When a group of farmers handed out free fruit and veg in front of the Ministry of Agriculture in Athens Wednesday, they couldn't have predicted the ensuing chaos. In just two hours hoardes of hungry Greeks scrabbled to get their share of 50 tons of hand-outs, which led to skirmishes in the streets and comparisons with Nazi occupied Greece in the World War II.
Families and the unemployed queued up to catch rations given out from vans. "Look", an old man gestured on local TV, "they're pulling supplies out of the trucks. It's like war time." "My pension is worth 600 euro", said another elderly woman, "and me and my three unemployed kids have to live on that".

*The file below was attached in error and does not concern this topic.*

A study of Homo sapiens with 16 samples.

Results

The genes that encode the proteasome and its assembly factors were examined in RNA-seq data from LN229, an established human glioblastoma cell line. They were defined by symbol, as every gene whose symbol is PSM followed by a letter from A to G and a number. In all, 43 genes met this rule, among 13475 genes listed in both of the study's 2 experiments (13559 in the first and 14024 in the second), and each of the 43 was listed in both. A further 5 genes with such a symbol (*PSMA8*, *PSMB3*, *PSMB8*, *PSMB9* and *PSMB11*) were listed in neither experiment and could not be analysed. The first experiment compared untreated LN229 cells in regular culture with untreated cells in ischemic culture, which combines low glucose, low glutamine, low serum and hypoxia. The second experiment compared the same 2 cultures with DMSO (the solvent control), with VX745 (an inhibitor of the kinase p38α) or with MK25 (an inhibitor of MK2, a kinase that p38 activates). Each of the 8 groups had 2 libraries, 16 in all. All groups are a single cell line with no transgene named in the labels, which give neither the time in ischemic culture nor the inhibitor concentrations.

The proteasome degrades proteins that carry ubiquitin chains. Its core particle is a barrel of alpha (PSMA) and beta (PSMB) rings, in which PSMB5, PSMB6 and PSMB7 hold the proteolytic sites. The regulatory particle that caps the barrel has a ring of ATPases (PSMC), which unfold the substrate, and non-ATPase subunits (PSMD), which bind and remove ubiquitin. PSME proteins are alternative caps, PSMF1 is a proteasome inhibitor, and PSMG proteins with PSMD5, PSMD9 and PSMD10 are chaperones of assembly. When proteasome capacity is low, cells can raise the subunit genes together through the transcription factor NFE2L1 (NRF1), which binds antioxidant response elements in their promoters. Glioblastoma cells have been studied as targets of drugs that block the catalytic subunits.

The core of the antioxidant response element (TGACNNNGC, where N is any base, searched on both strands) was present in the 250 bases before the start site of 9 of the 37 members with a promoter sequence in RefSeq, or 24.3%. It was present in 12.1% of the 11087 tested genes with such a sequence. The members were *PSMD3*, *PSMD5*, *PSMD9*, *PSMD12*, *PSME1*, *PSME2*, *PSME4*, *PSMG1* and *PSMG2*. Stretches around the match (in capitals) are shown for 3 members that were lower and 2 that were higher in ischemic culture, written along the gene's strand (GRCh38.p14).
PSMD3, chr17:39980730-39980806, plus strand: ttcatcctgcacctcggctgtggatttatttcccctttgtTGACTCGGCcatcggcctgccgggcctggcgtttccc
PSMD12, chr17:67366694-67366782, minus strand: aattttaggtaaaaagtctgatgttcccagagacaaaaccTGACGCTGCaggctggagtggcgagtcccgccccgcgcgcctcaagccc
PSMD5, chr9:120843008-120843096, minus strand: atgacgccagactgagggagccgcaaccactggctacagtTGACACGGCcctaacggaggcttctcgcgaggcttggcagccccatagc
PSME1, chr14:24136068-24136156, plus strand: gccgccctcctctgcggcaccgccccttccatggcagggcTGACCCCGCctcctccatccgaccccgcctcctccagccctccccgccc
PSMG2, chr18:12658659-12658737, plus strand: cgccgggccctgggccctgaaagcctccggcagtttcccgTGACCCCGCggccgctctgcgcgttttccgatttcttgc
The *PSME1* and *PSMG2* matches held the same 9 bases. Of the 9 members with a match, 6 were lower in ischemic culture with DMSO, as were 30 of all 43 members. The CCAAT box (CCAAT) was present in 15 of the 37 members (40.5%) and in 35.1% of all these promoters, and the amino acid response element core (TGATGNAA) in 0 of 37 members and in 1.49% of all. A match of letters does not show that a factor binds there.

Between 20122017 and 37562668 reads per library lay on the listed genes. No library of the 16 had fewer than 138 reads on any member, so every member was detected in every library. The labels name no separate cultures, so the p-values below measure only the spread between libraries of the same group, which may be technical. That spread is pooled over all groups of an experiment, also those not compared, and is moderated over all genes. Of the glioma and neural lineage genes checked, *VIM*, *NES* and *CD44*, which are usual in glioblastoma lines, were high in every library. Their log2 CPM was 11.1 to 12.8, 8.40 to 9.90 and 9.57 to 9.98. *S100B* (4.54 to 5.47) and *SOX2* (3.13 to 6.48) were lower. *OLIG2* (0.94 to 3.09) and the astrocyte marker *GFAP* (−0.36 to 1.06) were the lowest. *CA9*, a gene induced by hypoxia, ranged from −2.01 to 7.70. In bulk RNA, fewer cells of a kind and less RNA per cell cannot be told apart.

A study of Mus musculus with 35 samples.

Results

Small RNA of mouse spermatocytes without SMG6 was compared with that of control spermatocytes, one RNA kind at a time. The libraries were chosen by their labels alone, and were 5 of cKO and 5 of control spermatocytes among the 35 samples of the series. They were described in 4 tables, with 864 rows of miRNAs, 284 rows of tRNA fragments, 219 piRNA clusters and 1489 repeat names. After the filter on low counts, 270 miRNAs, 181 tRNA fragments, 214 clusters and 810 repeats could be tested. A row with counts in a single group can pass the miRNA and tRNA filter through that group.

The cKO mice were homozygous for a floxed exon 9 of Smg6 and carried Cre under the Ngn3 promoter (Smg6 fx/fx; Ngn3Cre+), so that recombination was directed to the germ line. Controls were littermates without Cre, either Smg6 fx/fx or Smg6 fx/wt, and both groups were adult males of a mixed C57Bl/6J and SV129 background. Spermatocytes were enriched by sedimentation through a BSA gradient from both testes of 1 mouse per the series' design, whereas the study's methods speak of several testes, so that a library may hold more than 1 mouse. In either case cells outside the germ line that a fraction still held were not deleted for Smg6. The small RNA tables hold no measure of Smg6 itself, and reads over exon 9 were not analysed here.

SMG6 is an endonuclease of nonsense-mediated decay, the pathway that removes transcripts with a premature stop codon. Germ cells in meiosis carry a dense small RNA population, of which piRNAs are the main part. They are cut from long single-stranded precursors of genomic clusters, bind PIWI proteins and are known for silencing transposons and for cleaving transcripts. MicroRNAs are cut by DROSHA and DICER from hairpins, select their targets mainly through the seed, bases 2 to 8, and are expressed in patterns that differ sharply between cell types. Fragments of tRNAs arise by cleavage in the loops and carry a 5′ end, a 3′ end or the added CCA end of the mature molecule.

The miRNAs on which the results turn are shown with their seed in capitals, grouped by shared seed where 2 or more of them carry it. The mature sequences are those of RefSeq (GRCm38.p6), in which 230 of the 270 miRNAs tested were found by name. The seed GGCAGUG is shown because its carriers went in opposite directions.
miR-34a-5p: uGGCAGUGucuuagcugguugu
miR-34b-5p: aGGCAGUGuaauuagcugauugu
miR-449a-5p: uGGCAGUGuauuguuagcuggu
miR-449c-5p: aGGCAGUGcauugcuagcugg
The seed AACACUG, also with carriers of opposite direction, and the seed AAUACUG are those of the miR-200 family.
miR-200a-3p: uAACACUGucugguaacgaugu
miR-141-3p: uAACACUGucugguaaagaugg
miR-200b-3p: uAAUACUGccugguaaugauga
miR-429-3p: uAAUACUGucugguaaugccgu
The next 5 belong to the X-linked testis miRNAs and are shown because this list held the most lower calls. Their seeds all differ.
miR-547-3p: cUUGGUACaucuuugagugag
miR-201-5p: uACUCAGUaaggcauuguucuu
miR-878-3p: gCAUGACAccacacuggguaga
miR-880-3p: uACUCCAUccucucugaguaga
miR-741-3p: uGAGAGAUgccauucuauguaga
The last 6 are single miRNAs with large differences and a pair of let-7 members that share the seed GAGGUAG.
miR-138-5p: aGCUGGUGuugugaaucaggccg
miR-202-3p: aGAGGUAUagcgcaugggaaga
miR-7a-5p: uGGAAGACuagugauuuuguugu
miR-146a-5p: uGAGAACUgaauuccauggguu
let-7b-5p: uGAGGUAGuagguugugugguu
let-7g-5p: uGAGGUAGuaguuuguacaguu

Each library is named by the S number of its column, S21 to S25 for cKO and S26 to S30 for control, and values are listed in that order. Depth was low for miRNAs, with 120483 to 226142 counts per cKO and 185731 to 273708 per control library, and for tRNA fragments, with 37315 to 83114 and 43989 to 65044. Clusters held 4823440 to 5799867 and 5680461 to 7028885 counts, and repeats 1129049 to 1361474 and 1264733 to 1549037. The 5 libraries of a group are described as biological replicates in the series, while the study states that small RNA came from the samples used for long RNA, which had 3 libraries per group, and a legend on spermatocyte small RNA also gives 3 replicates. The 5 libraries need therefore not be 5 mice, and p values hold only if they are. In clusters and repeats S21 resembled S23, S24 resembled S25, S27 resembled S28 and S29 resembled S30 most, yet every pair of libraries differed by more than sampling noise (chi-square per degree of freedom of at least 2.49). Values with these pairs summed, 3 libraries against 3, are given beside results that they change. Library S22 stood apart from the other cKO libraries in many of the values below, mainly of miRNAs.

A former electrician said, "I've been out of work for three years. I've done everything possible to find a job. A bag of tomatoes and some broccoli will last me and my wife a week".
Aside from those Greeks who are open about their new found poverty, a separate social group called the "kryfoptochi" is emerging. The kryfoptochi are too embarassed to even admit to friends that they are poverty struck, and rather than heading for soup kitchens, forage for food in dumpsters in the dead of night. In evidence of the fact that the crisis is hitting everyone hard, Giorgos Apostolopoulos, former chief of the Athen's homeless body, said that well known artists and even women from rich areas of the city come to get food handouts too.
"Some pretend that they're collecting food to give to the poor", he said. But a silent form of solidarity is taking shape. Those who can afford it hang baskets of food on their bins for the poor.